The headline to this piece is a reference to a now-legendary moment in American politics: It’s the economy, stupid. During the 1992 presidential campaign, Kind of Funny Looking Political Genius James Carville coined the phrase, even going as far as hanging a sign in the campaign room with those words.
The point of the matter was the United States was going through a recession and Over-Celebrated President George H.W. Bush was viewed as kind of clueless about it. It was part of three main things that Carville wanted the campaign to focus on to get Bill Clinton elected and not get distracted by anything else, but that particular line became lionized in American political culture. So much so, that there are variations of it even today. It is a call to focus on things that really matter, and recognize them as the main issue.
Right now, the relevant variation of this phrase is “it’s the will to power, stupid” and I aim that to anyone who is still clueless enough to offer any benefit of the doubt to Republicans.
King of First Draft Adrastos artfully lays out the danger inherent in this radical right Supreme Court. Basically, this is years and years of dark planning, Federalist Society meetings, and TurtleHuman Mitch McConnell’s cackling scheming bearing fruit. Along the way, we were constantly told to give the benefit of the doubt to the monsters, that we should know that we all “want the same things,” and that we have much in common.
That ideal is increasingly taking hits to the gut, as my fellow blogger Cassandra points out in her posts here and here. Shapiro notes the prejudice that drives their policy and actions, and Tommy T has been documenting right-wing lunacy in the GOP since the time of Andrew Johnson.
Okay, probably not that long. Sorry, Tommy. But even if you don’t read this blog, the signs are so obvious that any reasoned person can’t possibly give conservatives the benefit of the doubt, right? They have to see that this is all about power, correct?
Apparently, not among the Cockeyed Optimists of the Discourse, like Seems-Like-an-Okay-Fellow Ross Douthat, the New York Times columnist who is supposed to represent the reasoned conservative perspective. These days, this is, of course, like representing the tastiest part of the sewage flow, but Douthat soldiers on.
I know Ross Douthat is gonna Douthat but if you’re an editor with any self-respect you gotta send this back with a “hey if you want to say this you need to present some reason to think this thing that has never happened will suddenly magically happen” note https://t.co/dcLulK3f3E pic.twitter.com/Z4mWOznv5n
— Jay Willis (@jaywillis) June 26, 2022
Oh, Ross. “Making the G.O.P. more serious about family policy and public health” would be kind of funny if it were not so tragically off. Why would they? The Republicans are not signaling anything of the sort in their shit vision of post-Roe America because they are moving quickly towards not needing to worry one bit about what voters think. Plus, there is a very high correlation between states that have banned abortion and states with the highest maternal and infant mortality rates.
Peggy Noonan, not to be outdone, managed to get an entire panel on Meet the Press laughing at her when she suggested that we might see the Republican Party become more human.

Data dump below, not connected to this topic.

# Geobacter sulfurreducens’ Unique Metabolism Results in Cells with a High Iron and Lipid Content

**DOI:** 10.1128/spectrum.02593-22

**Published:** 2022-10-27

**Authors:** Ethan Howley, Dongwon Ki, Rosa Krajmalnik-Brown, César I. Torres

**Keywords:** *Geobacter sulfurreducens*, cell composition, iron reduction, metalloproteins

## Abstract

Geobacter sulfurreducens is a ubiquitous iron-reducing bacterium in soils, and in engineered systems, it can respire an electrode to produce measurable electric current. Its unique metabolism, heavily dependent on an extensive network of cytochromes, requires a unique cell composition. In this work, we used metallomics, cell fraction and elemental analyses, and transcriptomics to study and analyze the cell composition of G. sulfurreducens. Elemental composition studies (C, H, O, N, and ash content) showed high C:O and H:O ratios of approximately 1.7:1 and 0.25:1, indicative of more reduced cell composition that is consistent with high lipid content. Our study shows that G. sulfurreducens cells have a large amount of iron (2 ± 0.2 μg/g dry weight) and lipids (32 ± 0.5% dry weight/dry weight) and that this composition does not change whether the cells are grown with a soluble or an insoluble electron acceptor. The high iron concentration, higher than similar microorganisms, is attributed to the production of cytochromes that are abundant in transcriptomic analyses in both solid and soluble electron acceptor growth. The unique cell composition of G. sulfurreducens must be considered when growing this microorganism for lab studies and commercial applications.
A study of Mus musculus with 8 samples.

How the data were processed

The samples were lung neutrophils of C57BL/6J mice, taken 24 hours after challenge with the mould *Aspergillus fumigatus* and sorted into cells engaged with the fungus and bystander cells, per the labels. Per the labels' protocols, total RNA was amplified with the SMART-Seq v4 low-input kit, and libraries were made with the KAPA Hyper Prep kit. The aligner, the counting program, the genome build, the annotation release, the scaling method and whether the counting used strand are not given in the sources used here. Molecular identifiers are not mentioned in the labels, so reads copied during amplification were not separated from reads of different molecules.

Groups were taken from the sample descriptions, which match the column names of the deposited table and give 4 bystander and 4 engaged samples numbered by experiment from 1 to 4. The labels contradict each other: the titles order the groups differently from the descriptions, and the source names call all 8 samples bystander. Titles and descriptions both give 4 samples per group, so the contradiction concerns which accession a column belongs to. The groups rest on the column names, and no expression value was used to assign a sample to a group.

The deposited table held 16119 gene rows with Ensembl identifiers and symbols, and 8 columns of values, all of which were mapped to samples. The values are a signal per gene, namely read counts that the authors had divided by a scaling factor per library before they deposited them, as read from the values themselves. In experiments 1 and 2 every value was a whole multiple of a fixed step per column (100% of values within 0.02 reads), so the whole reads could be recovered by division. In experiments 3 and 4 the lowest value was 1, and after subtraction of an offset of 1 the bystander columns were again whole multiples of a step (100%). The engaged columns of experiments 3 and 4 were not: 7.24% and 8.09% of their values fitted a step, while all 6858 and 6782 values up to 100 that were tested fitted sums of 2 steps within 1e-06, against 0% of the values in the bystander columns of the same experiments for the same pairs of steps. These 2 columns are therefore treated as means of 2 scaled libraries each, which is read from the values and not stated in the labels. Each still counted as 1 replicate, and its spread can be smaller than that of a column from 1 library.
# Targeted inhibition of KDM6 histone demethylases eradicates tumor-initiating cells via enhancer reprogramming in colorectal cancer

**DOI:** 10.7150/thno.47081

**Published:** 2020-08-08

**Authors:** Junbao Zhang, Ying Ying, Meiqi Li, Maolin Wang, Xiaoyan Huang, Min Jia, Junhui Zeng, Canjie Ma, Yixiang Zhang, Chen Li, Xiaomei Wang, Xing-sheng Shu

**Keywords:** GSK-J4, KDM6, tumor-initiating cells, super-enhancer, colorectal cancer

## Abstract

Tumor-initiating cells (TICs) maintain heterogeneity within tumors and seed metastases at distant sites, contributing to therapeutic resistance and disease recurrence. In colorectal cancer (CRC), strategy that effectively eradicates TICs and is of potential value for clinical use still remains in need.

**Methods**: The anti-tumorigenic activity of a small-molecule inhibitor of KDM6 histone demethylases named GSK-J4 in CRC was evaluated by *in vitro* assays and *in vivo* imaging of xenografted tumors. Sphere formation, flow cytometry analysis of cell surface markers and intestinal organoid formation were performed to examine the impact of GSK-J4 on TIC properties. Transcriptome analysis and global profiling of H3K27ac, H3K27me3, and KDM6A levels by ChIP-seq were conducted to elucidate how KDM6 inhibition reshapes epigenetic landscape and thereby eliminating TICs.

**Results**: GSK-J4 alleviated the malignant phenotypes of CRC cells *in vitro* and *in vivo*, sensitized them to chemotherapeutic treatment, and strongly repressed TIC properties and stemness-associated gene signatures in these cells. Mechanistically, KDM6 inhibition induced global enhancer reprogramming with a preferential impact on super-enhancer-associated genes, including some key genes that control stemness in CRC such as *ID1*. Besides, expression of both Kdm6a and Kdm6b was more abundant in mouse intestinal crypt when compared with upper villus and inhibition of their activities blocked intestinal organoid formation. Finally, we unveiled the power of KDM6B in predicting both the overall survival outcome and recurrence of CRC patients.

On Meet the Press this week Peggy Noonan tried to say with a straight face that the Republican Party should "use this victory" to reform itself and improve its standing with women. Watch as the whole panel dissolves in laughter. pic.twitter.com/SDCleEQWxx clip via @DavidEdwards.
— Jay Rosen (@jayrosen_nyu) June 26, 2022
“Reform itself.” Yes, that is exactly what this is all about for the GOP. They are not interested in that, Peggy. Read Cretin/Judge Clarence Thomas’s Roe opinion, where he makes it clear they are after bedroom privacy, contraception, and gay marriage next. This is a thin veil covering a clear will to power.
By will to power, I am not talking about the cheesy late 80s pop band. More the Neitzsche definition, where a set of values are created by a group of elites and imposed on people. Yes, philosophy majors, it is much more complicated than that, but in this case, it is exactly what is happening in the United States.
We constantly give bad actors the benefit of doubt, and within the media, it seems like the further to the right you are, the whiter you are, and the wealthier you are, the more benefit of the doubt you get. But, good Lord, at a certain point, even if you don’t want to believe it, you have to see things for what they are. Whenever I say that the GOP is all about imposing their will, I will sometimes get pushback, whether it’s that failed talisman against reality “oh that’s not true” or some other fantasy statement about how we’re all in this together as a nation.
And often, they will say “why do you think Republicans are going to do that?”. My reply is because they are TELLING us what they are going to do, as Thomas did. They are not shy about their intentions.
Ending Roe seems to have been a wake-up call for a lot of Americans. Now that we have a lot of, dare I say, woke people, perhaps we can get our leaders in the Democratic Party to begin doing what needs to be done, even if just a month ago, those actions seemed “too radical.” I withhold judgment on the Democrats’ reaction for now, but part of any plan will need to be making sure Americans with any decency fully understand what we have in front of us. And that does not include giving those who have a will to power the benefit of the doubt, because all that does is enable them.
The last word goes to Amanda Shires and Jason Isbell, a wonderful live version of their pro-abortion anthem The Problem.